Elizabeth Cady Stanton definitely had a mind of her own. She had no interest in things that women were supposed to find fascinating. Instead, she had an insatiable desire to involve herself in chemistry, law, mathematics, the freeing of slaves, and improving the rights of women.
In 1823, many laws were unfair to women. This becomes even more personal for Elizabeth when a girl she was friends with in college comes to her talking about how unhappy her marriage is and how coldhearted her husband is. As the law stands at the moment, if her friend leaves her coldhearted husband, she will lose everything.
In 1825, the Erie Canal opened, diverting stagecoach travelers from the roads that ran through Johnstown, and business was suffering. Ring-around-the rosie was still being played.
Baseball was still a new game in 1826. This year, Elizabeth finds a Negro boy hiding in their basement. Her eyes are soon opened to the things her father is involved in.
Schools are selective about who is allowed to attend them and learn. To the Negro that lives with and serves them—Peter is not a slave—Elizabeth vows to change the laws so that females and Negroes are both free to go to school.
In 1831, cholera is making its rounds. Thousands become victims of this horrible sickness. The presidential election between Mr. Clay and Mr. Jackson in takes place this year. In this memorable year, train service begins between Troy and Johnston with the Troy station near Emma Willard.
Shopping for Christmas was so much simpler back then. Instead of going shopping and buying the latest new gadget or toy, many gifts were at least partially homemade and much more personal.
In 1832, the novelty of transport by water gains popularity with crowds of people seeking passage to New York City. Elizabeth just has to go to New York City by water, but the trip turns out to be much less enjoyable than she had anticipated. Once she arrives, she notices that horses and horse-drawn vehicles fill the streets of this bustling city.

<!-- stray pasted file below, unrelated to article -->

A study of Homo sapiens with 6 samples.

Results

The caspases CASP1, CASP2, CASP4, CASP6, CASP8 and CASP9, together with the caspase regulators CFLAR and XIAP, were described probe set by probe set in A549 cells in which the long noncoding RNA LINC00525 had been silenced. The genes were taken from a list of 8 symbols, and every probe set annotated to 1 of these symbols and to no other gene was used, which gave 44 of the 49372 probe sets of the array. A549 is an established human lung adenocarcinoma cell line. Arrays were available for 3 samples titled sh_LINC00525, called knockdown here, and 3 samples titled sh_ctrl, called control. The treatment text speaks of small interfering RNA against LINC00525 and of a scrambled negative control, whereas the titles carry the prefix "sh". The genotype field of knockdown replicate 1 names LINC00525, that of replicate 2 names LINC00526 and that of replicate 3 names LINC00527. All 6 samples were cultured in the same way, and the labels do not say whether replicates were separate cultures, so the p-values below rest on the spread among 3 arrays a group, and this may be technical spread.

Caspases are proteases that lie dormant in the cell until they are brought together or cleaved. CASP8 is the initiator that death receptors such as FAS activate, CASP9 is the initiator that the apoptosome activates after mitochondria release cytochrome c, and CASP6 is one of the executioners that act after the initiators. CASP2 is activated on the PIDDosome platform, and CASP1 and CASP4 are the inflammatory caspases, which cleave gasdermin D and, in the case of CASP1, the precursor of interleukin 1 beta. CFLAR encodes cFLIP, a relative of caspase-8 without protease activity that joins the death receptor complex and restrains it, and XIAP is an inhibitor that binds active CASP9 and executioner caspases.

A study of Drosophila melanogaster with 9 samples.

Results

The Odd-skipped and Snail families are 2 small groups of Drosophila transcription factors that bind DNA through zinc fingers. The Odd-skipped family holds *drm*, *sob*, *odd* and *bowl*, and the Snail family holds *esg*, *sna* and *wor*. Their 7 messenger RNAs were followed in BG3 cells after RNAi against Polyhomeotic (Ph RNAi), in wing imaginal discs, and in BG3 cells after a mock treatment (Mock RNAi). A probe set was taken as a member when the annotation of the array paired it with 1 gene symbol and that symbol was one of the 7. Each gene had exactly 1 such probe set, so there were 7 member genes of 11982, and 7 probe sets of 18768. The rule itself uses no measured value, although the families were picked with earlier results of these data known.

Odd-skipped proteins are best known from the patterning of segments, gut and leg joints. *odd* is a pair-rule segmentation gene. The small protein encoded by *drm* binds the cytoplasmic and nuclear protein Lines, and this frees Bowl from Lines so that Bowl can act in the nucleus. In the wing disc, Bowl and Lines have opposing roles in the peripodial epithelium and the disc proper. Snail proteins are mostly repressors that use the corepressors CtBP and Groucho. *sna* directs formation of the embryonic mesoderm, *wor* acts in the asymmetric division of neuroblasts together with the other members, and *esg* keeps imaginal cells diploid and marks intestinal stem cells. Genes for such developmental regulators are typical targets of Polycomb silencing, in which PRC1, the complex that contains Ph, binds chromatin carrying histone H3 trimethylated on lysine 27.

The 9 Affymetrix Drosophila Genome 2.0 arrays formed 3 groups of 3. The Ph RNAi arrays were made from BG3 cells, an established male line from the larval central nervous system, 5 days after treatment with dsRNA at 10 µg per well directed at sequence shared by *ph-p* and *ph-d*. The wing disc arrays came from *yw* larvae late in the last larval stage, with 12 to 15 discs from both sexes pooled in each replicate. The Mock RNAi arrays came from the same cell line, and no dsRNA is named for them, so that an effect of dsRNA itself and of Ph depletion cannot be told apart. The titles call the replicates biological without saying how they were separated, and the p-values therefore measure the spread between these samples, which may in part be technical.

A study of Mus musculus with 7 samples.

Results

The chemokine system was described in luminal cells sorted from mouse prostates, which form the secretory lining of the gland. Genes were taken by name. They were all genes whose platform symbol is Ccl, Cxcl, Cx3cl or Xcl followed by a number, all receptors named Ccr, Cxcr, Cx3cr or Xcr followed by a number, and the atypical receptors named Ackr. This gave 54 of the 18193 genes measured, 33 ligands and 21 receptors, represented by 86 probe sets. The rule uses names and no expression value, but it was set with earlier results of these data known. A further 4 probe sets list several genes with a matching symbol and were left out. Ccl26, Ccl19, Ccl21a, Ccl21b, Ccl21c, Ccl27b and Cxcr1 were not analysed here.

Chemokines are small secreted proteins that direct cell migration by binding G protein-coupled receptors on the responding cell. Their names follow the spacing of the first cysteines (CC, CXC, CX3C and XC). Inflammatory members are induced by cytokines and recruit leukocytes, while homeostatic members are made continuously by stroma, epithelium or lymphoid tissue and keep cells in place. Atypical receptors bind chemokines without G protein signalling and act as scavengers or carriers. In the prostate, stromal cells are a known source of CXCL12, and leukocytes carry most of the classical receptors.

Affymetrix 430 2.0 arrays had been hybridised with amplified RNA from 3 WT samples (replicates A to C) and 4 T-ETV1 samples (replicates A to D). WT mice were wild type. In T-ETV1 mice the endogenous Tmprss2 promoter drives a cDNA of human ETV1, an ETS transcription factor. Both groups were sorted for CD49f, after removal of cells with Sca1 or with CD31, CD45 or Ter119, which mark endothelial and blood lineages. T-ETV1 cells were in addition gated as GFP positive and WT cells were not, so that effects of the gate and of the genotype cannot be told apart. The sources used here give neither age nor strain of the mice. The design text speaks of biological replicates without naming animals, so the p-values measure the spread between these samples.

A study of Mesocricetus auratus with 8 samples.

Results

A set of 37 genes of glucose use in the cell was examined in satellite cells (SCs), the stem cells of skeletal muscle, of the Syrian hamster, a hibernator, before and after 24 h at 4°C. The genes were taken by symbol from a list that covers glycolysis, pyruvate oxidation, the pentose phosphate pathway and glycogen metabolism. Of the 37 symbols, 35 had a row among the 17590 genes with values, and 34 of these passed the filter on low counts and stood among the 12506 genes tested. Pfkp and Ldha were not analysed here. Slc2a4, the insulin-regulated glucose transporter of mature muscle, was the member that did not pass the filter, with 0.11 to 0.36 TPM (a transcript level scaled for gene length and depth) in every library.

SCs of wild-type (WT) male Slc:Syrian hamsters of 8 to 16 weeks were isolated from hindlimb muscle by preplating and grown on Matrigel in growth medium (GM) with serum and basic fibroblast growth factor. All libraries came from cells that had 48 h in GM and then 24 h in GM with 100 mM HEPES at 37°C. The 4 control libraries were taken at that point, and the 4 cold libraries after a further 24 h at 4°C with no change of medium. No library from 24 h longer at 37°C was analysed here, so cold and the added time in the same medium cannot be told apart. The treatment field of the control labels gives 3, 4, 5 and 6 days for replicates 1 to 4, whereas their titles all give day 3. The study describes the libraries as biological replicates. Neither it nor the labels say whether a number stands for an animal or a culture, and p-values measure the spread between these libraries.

Aspirin and Tylenol weren’t around to combat headaches with, Instead, in 1839, powdered willow bark was used to ease the pain of such things.
It was also a smelly time to live. Horses and other livestock used the bathroom wherever they were, even if they were on Main Street. Perfumed handkerchiefs were commonly carried by females to mask disagreeable odors, such as body odors and horse manure.
Many famous people are mentioned in The Lost Diaries of Elizabeth Cady Stanton. Imagine living during a time when you would have had the chance to meet James Fenimore Cooper, Ralph Waldo Emerson, Nathaniel Hawthorne, Horace Greely, Henry Ward Beecher, Frederick Douglas, and/or Henry Thoreau.
In a character sketch I wrote for high school many, many years ago, I described Scarlett O’Hara as a woman born before her time. But Scarlett O’Hara was a fictional character. Elizabeth Cady Stanton is not a fictional character, and she was truly a woman born before her time. Or maybe she born at just the right time so that she could bring to light the injustices shown to the women of her time.
I was sent a copy of this book in exchange for an honest review. If you would like your own copy to read and enjoy, I have provided an Amazon link below.
Amazon Link: The Lost Diaries of Elizabeth Cady Stanton
Recommended Article: Women Continue to Fight for Equality – Guest Post by Sarah Bates
Every time she found something truly fun to do, it seemed wrong to her mother.
Each wretched story she heard called attention to the heartless laws that did nothing to protect women.
She’d pulled tight the heavy draperies at her windows, but slivers of light from the full moon crisscrossed her rug and furniture turning them into unrecognizable shapes.
Was slavery similar to the way women were treated?
There is a time to be serious-minded, but it is dreary to behave like that all the time.
New Words Learned:
mesmerism – hypnotism
pannier – an oval framework formerly used for distending the skirt of a woman’s dress at the hips.
About the Author:
Sarah Bates’ new novel The Lost Diaries of Elizabeth Cady Stanton published February 22, 2016. The story is a historical fiction account about the early life of Elizabeth Cady Stanton, a pioneer for women’s rights. The novel won 2nd place in the 2014 San Diego Book Awards Best Unpublished Novel category.
In 2012, she published Twenty-One Steps of Courage, an Army action novel about a Sentinel Guard at the Tomb of the Unknown Soldier and in 2005, along with co-author Carmi Cosmos, they published a collection of short stories entitled Out of Our Minds, Wild Stories by Wild Women.